Justin Cuthbert
·4-min read

It's looking increasingly likely that the Frederik Andersen era in Toronto is coming to an end.

But you knew that.

However, for the large segment of the Toronto Maple Leafs fanbase pining for drastic measures before the NHL's April 12 trade deadline, its desperation for the opportunity the season presents not to be wasted now fully showing, the inevitable well wishes likely won't come soon enough.

The reasons for that (that being the unlikely scenario that the struggling Andersen is moved, sat, or shelved before transaction season comes to a close) are tenfold — or at least run several factors deep.

None of which are more powerful than the fact the Maple Leafs are performing paperwork gymnastics on the daily in order to stay cap compliant. It's already cost them Jimmy Vesey, and now Travis Boyd, too.

But the best reason to resist the knee-jerk decision to bring in a supposed upgrade on Andersen while the opportunity remains is the fact that the netminder who can provide the plus efforts required for success in the postseason could very possibly be with the organization as it stands.

Whether that's Andersen or with his backup, Jack Campbell.

The Frederik Andersen era in Toronto is coming to an end. It's just a matter of when. (Photo by Mark Blinch/NHLI via Getty Images)
The Frederik Andersen era in Toronto is coming to an end. It's just a matter of when. (Photo by Mark Blinch/NHLI via Getty Images)

If the Maple Leafs have anything in Campbell, it's a goalie who teammates desperately want to perform for. This fact has been undeniable through his four starts this season, and dating back to last season as well.

What we've also seen, more importantly, is that effort being reciprocated. Campbell has been nothing short of brilliant in his limited appearances, breaking into the top tier among netminders in total goals saved above expected in a fraction of the amount in total minutes.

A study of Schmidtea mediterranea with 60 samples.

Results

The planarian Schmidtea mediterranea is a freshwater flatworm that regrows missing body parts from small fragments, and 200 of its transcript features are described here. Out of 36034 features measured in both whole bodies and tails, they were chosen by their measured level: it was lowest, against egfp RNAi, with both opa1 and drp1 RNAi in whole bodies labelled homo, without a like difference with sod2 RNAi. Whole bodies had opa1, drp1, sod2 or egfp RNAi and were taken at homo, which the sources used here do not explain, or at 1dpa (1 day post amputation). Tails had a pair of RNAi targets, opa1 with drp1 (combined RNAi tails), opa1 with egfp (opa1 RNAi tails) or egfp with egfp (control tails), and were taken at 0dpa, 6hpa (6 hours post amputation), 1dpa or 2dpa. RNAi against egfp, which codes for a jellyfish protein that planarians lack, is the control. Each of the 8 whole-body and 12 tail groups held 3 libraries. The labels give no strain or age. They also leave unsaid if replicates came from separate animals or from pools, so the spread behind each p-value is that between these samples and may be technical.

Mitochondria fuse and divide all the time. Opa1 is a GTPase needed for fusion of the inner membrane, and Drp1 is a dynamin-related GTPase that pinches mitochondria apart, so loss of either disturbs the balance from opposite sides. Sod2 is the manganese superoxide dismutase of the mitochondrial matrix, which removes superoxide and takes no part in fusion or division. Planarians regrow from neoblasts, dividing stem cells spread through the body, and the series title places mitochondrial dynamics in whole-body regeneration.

He's battled for his teammates for better and for worse. It's the reason he has a sparkling .965 save percentage and four wins, but also the reason he's been mostly unavailable. It was an injury suffered, and momentarily ignored, in a January start versus Calgary that has prevented Campbell from seeing regular duty.

Even in just four starts this season, though, it seems safe to say the Leafs have something undeniably special in Campbell. And with Andersen fighting it right now, allowing an average of four goals per game over his last five starts, now is the time to find out if Campbell can be more than just an elite backup.

What turning to Campbell in the short term won't do now, however, is rule out the possibility of Andersen being that postseason performer the Leafs need to survive the North Division and for their ambition to run wild in a final four.

Battling in his own right, it's clear that Andersen has been dealing with some nagging injury issues as well. And while that's valiant in its own way, considering this is a contract season for the 31-year-old and there is a degree of self sacrifice when competing in conditions that would be considered less than ideal, Andersen's performances have been doing more harm than good for both himself and the Leafs, who are cramping with their grip on the division's top seed.

Losing the crease could mean great things for Andersen, the overworked netminder who has never had proper support around him in his five seasons in Toronto — even up to this point with Campbell in the fold.

Should Campbell battle specifically for him, Andersen could be set on the right path, having the chance to get right both physically and mentally, while putting in important work with goaltending coach Steve Briere.

Perhaps that's wishful thinking for a netminder who has seen his numbers decline in each of the past three seasons, and who has been second best in virtually every postseason series he's been in.

But Andersen deserves that one last reset, given that it's possible. If it's unsuccessful, you have Campbell to fall back on. And if it works, well, it probably doesn't change anything other than his legacy.

Because the situation has always dictated that at some point the Leafs will have to sacrifice something.

And nearing the end of the road, it's always made the most sense that it's Andersen.